Most people know Warren Buffett as one of the richest men in the world, who took a relatively small sum of money and turned it into one of the largest companies in the United States, Berkshire Hathaway (NYSE:BRK-B)(NYSE:BRK-A).
When most people try to copy Buffett's style, they tend to focus on how he finds the hidden upside-potential in stocks, but that's not the most important thing. The best thing you can do for your portfolio is to think defensively, that is, to pick and choose companies that will do well when the rest of the market is doing poorly.
Why is it so important?
Stocks tend to go up over time. In fact, they have outperformed essentially every other asset class over any long period of time, so why do we care so much about the bad years?
Simply put, negative years have more of an impact on long-term performance. If your portfolio loses 20% in a year, you would need your stocks to gain 25% the next year just to break even.
To illustrate this point, consider two scenarios.
First, let's consider an aggressive investor whose portfolio returns an average of 20% during the years the market rises, but loses 15% during "down" years. Then, consider a defensive investor who makes 15% during positive years, but only loses 5% during negative ones. For simplicity's sake, let's assume we have two positive years for every one bad year.
As you can see, the defensive portfolio beats our aggressive example by about 30% over a 30-year timeframe.
The proof is in Berkshire's performance
You might be surprised to hear Berkshire has actually underperformed the S&P in four out of the last five years. In fact, the only year Berkshire beat the S&P, 2011, was the only year the market didn't post double-digit gains.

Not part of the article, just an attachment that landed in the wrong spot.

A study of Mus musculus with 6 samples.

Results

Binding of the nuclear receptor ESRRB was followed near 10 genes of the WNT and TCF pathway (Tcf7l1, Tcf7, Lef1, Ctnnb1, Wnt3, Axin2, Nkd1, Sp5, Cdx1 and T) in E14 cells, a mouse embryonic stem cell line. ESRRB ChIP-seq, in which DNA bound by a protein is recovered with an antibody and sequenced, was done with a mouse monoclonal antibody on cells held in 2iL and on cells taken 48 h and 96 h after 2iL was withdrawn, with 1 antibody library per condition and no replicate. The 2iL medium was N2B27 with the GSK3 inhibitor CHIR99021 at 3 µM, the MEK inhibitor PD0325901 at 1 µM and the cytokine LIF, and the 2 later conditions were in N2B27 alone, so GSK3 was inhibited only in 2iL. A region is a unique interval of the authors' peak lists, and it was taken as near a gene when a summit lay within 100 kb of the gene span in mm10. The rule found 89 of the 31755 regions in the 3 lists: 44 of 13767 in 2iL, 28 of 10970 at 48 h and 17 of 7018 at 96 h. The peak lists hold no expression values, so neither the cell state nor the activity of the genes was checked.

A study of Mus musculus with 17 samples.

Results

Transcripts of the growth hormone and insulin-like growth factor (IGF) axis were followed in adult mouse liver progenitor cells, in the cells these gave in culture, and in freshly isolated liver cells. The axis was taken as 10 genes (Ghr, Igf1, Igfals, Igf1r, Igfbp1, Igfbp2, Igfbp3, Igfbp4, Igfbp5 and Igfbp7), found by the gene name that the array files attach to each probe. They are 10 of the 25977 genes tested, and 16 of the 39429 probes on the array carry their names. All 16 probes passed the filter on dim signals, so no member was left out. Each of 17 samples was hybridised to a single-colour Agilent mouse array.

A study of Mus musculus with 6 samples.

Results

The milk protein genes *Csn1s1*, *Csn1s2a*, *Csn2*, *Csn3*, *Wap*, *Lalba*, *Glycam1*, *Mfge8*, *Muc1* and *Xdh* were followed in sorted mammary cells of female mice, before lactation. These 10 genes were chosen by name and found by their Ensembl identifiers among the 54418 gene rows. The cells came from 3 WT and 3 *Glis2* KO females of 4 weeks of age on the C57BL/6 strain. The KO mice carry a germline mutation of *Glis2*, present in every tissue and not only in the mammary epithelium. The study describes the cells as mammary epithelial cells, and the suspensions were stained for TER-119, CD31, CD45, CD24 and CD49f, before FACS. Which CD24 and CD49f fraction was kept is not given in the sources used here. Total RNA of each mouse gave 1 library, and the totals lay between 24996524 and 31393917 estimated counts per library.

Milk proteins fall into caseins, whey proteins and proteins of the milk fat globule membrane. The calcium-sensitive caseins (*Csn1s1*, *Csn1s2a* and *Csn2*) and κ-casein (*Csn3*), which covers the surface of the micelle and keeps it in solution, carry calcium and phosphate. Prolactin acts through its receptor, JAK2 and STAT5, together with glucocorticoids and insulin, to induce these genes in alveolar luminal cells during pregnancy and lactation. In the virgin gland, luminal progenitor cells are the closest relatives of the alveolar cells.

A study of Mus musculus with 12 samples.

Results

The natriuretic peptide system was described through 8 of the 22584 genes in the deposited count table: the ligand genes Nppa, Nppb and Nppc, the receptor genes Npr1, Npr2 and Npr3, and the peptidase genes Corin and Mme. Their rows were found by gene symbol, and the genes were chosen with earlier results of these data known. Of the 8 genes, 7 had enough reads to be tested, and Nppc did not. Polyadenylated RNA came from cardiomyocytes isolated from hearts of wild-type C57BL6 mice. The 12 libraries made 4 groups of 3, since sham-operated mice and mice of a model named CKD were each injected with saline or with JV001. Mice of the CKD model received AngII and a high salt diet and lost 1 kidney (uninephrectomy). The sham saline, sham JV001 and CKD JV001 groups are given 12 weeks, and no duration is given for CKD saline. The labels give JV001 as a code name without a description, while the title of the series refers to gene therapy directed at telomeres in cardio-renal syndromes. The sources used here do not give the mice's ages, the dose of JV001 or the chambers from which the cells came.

Generally, when the market shoots to the upside, the riskier and more volatile stocks tend to benefit the most. Well, that is exactly the type of investment Berkshire doesn't make. However, consider a year like 2008, when the market was in panic-mode. The S&P lost 37% of its value during that year, but Berkshire Hathaway's book value per share only dropped 9.6%.
In other words, the S&P needed to gain 59% to make up for its 2008 losses, which took the next four years to do. Berkshire, on the other hand, only needed an 11% rise to get back to even, which it achieved and more the very next year.
To further illustrate just how rock-solid Berkshire's portfolio is, here is perhaps the most impressive fact about the company's performance.
The S&P has had 11 down years out of the past 50. Berkshire's portfolio beat the S&P in each and every single one of those years. There has not been one single down year where the company's book value per share fell more than the broader market. That is the kind of performance that builds wealth.
The lesson to learn
The most successful investors know creating wealth isn't about finding the next big thing or taking lots of risks to possibly produce gains. In baseball terms, a hitter with 300 singles is much more valuable to his team than one with just a few home runs, and the same applies to investing.
As Buffett said to shareholders at this year's annual meeting, "In up years, we'll underperform, we'll outperform in down years, and over any cycle, we'll outperform."
Matthew Frankel has no position in any stocks mentioned. The Motley Fool recommends Berkshire Hathaway. The Motley Fool owns shares of Berkshire Hathaway. Try any of our Foolish newsletter services free for 30 days. We Fools may not all hold the same opinions, but we all believe that considering a diverse range of insights makes us better investors. The Motley Fool has a disclosure policy.